Online Program

Ethnic and gender differences in longitudinal smoking trends in Taiwan, 2004 to 2007

Tuesday, November 5, 2013

Joseph Keller, MS, MPH, School of Public Health, Taipei Medical University, Taipei, Taiwan
Shu-Yu Lyu, MPH, PhD, School of Public Health, Taipei Medical University, Taipei, Taiwan
Liang-Ting Tsai, MS, PhD, Graduate School of Educational Measurement & Statistics, National Taichung University of Education, Taichung, Taiwan
Chyi-Huey Bai, PhD, School of Public Health, College of Public Health and Nutrition, Taipei Medical University, Taipei City, Taiwan
Alex Ganr Lay Wu, Department of Genetics, Rutgers State University, New Brunswick, NJ
Yu-Ching Lan, PhD, Department of Health Risk Management, China Medical University, Taichung, Taiwan
Donald E. Morisky, ScD, MSPH, ScM, Department of Community Health Sciences, Fielding School of Public Health, University of California Los Angeles, Los Angeles, CA
BACKGROUND. The Austronesian minority of indigenous tribe groups in Taiwan is heavily affected by health disparities. The Bureau of Health Promotion (BHP) has conducted annual population-based telephone surveys to monitor tobacco consumption since 2004, which provide the gold standard to determine trends in Taiwanese smoking prevalence. OBJECTIVES. To explore ethnic and gender differences in smoking prevalence from 2004 to 2007. METHODS. Data was derived from the BHP adult tobacco use surveys which used the probability proportional to size sampling technique. On average, the nationally-representative samples polled more than 16,000 respondents each year. RESULTS. The smoking prevalence for indigenous versus non-indigenous respondents, from 2004 to 2007, was 31.8% vs. 26.3%, 27.7% vs. 24.4%, 30.8% vs. 23.3%, and 33.1% vs. 23.0%, respectively. That is, indigenous males consistently smoked more. Significant ethnic differences in smoking prevalence were observed in 2004, 2006, and 2007. Among smoking respondents, significant differences between indigenous and non-indigenous respondents in intentions to quit smoking were found in 2004 (58.4% vs. 46.0%, p <.05) and 2007 (62.1% vs. 45.4%, p <.001). Of note, the smoking prevalence for non-indigenous females was lower and decreased slightly, 6% in 2004 to 5% in 2007. On the other hand, smoking prevalence for indigenous females increased from 13% in 2004 to 18% in 2007. CONCLUSIONS. Significant ethnic and gender differences in adult smoking prevalence were observed. These finding suggest that tobacco control education intervention must be carefully tailored to address gender sensitive and cultural appropriate approaches.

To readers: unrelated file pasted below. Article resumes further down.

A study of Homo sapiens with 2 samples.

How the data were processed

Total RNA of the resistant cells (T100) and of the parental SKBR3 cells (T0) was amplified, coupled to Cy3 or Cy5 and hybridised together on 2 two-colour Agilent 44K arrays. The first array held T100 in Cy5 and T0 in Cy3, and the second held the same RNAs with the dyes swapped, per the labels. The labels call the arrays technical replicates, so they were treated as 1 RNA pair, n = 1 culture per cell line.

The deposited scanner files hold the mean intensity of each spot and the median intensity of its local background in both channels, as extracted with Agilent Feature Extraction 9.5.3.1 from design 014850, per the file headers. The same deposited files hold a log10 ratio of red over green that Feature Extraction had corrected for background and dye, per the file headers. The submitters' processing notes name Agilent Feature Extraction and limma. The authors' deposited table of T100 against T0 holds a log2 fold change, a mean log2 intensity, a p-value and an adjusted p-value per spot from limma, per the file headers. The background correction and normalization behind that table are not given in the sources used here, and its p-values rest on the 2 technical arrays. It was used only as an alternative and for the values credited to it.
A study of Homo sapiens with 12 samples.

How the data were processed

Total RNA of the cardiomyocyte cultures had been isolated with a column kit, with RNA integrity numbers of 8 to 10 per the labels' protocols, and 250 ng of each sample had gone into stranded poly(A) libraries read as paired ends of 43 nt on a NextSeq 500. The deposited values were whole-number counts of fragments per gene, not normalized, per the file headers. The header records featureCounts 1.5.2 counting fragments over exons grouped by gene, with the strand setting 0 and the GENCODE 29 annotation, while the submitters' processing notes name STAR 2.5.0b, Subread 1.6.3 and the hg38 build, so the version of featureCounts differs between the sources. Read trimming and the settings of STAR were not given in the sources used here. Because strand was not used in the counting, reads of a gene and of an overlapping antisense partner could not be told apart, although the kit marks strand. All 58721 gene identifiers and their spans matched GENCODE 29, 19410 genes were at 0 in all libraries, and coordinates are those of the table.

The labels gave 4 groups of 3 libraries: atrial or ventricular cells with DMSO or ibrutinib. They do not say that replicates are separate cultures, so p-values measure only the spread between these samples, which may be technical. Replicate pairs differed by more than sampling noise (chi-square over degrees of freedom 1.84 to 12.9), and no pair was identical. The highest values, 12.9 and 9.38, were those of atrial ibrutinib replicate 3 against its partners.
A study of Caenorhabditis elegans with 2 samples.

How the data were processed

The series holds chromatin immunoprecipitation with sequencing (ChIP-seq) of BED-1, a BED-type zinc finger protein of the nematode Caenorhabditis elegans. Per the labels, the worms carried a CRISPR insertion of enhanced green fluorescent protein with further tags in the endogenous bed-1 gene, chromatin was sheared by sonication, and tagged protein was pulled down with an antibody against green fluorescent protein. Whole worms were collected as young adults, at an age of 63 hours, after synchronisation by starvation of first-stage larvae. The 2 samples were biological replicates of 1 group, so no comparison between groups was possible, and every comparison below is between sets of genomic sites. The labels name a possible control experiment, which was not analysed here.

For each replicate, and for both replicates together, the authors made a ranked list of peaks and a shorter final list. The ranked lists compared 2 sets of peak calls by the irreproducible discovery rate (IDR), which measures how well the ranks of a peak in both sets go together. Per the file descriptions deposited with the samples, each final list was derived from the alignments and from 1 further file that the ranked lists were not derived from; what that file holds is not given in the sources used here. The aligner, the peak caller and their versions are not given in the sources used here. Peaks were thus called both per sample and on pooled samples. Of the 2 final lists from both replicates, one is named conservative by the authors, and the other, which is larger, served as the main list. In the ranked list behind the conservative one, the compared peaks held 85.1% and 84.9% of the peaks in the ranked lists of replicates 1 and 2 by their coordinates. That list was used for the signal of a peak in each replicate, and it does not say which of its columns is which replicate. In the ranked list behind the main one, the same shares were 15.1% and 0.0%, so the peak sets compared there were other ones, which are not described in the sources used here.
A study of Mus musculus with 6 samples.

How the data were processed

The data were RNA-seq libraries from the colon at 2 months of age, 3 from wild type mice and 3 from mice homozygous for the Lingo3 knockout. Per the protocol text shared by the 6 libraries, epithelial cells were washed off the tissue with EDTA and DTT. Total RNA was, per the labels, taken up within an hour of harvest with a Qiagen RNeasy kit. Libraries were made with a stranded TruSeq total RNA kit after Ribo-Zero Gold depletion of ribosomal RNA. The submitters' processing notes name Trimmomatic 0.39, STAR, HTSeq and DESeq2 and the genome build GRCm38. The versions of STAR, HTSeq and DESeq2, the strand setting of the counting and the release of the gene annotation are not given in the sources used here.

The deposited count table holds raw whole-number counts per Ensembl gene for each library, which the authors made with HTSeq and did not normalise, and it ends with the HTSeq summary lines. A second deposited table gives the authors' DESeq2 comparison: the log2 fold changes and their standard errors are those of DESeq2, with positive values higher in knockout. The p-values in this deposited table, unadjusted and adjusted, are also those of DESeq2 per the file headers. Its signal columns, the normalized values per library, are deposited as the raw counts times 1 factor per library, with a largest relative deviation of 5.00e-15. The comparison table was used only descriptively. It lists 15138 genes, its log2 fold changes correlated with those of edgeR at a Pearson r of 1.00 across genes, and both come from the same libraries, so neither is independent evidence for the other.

Learning Areas:

Assessment of individual and community needs for health education
Diversity and culture
Planning of health education strategies, interventions, and programs
Public health or related research
Social and behavioral sciences

Learning Objectives:
Analyze the longitudinal trends of prevalence rate of smoking in general population as well as indigenous minority population. Identify the exposure of second hand smoking in general population as well as indigenous minority population. Discuss gender mainstreaming perspective in designing anti-smoking education intervention program. 4.Discuss cross cultural strategies for quitting smoking.

Keyword(s): Minority Health, Tobacco Control

Presenting author's disclosure statement:

Qualified on the content I am responsible for because: I am currently a PhD student actively involved in a research project exploring smoking behavior and aboriginal health in Taiwan.
Any relevant financial relationships? No

I agree to comply with the American Public Health Association Conflict of Interest and Commercial Support Guidelines, and to disclose to the participants any off-label or experimental uses of a commercial product or service discussed in my presentation.